Paris - French telecoms operators Orange and Bouygues said Tuesday they were in “discussions” on a possible buy-out by France's sector leader Orange of the smaller group that would consolidate one of Europe's most competitive telecoms marketplaces.
Orange announced it had “renewed preliminary discussions” with Bouygues, while the company headed by Martin Bouygues said in a separate statement that “a confidentiality agreement” had been signed Tuesday by the two groups.
“For the moment, no decisions have been taken and there is no guarantee that there will be an outcome to these preliminary discussions,” Bouygues added.
Press reports have for several weeks indicated that France's biggest telecoms operator and its number three were in talks on a possible tie-up which, if it went through, would reduce France's operators from four to three.
Bouygues said it would “attach decisive importance” in all its discussions to “the interests of Bouygues Telecom employees and to investment momentum within the sector, which must remain strong in the interests of the consumer”.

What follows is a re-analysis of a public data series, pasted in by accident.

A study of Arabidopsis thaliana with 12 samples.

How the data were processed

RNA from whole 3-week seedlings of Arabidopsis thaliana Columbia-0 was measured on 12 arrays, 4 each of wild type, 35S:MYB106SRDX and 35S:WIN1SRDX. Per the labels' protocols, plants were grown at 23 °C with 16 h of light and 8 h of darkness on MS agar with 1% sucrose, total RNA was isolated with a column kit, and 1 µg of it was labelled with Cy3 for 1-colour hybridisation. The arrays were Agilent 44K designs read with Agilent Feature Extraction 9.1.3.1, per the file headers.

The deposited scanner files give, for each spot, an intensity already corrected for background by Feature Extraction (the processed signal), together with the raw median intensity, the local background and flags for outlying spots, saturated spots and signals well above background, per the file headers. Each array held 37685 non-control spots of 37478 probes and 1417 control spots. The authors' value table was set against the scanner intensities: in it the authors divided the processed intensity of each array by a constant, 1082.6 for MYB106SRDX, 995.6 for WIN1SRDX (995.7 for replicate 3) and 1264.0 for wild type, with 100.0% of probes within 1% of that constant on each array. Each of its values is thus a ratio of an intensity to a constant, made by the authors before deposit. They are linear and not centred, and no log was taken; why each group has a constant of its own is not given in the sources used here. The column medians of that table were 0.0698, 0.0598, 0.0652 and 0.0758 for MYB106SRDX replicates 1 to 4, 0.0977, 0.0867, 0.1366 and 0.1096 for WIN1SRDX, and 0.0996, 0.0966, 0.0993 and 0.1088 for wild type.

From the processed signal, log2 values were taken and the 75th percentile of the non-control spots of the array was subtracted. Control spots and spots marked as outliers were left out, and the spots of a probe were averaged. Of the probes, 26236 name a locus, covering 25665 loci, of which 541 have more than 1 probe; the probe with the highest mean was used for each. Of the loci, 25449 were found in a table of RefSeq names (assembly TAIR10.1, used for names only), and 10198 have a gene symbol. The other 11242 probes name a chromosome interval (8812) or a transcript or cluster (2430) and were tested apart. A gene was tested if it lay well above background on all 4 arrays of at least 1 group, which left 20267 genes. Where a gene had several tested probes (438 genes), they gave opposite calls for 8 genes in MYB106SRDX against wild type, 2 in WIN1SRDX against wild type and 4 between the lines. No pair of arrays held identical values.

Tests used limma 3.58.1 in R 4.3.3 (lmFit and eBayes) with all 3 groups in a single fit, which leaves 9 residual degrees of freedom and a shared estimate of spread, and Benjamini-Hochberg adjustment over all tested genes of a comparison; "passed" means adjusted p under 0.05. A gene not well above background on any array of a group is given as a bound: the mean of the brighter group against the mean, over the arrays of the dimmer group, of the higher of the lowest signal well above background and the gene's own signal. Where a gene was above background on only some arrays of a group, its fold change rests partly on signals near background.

Orange stressed the discussions were “not limited by any particular calendar and hold no commitment to any particular predefined outcome”.
The group, headed by Stephane Richard, said it would be “particularly vigilant with regards to the value created through any resulting project”.
“The group is exploring the opportunities available within the French telecoms market, while keeping in mind that its investments and its solid position afford it a total independence in its approach,” it added.
Analysts had indicated that Orange, whose prime shareholder is the French state with a 20 percent stake, may be facing a crunch decision over whether to shore up its position at home by gobbling up a competitor, or expand its presence abroad.
Any merger between the two French telecoms operators would require the green light from competition authorities in both France and Brussels.
It would represent more than 60 percent of the mobile market, facing competition from operators SFR and Free.
In June, Martin Bouygues rejected a buyout offer by rival group Altice, which owns Numericable-SFR, and was equally unimpressed by a deal offered by Xavier Niel, the owner of the upstart French mobile and Internet operator Free Telecom.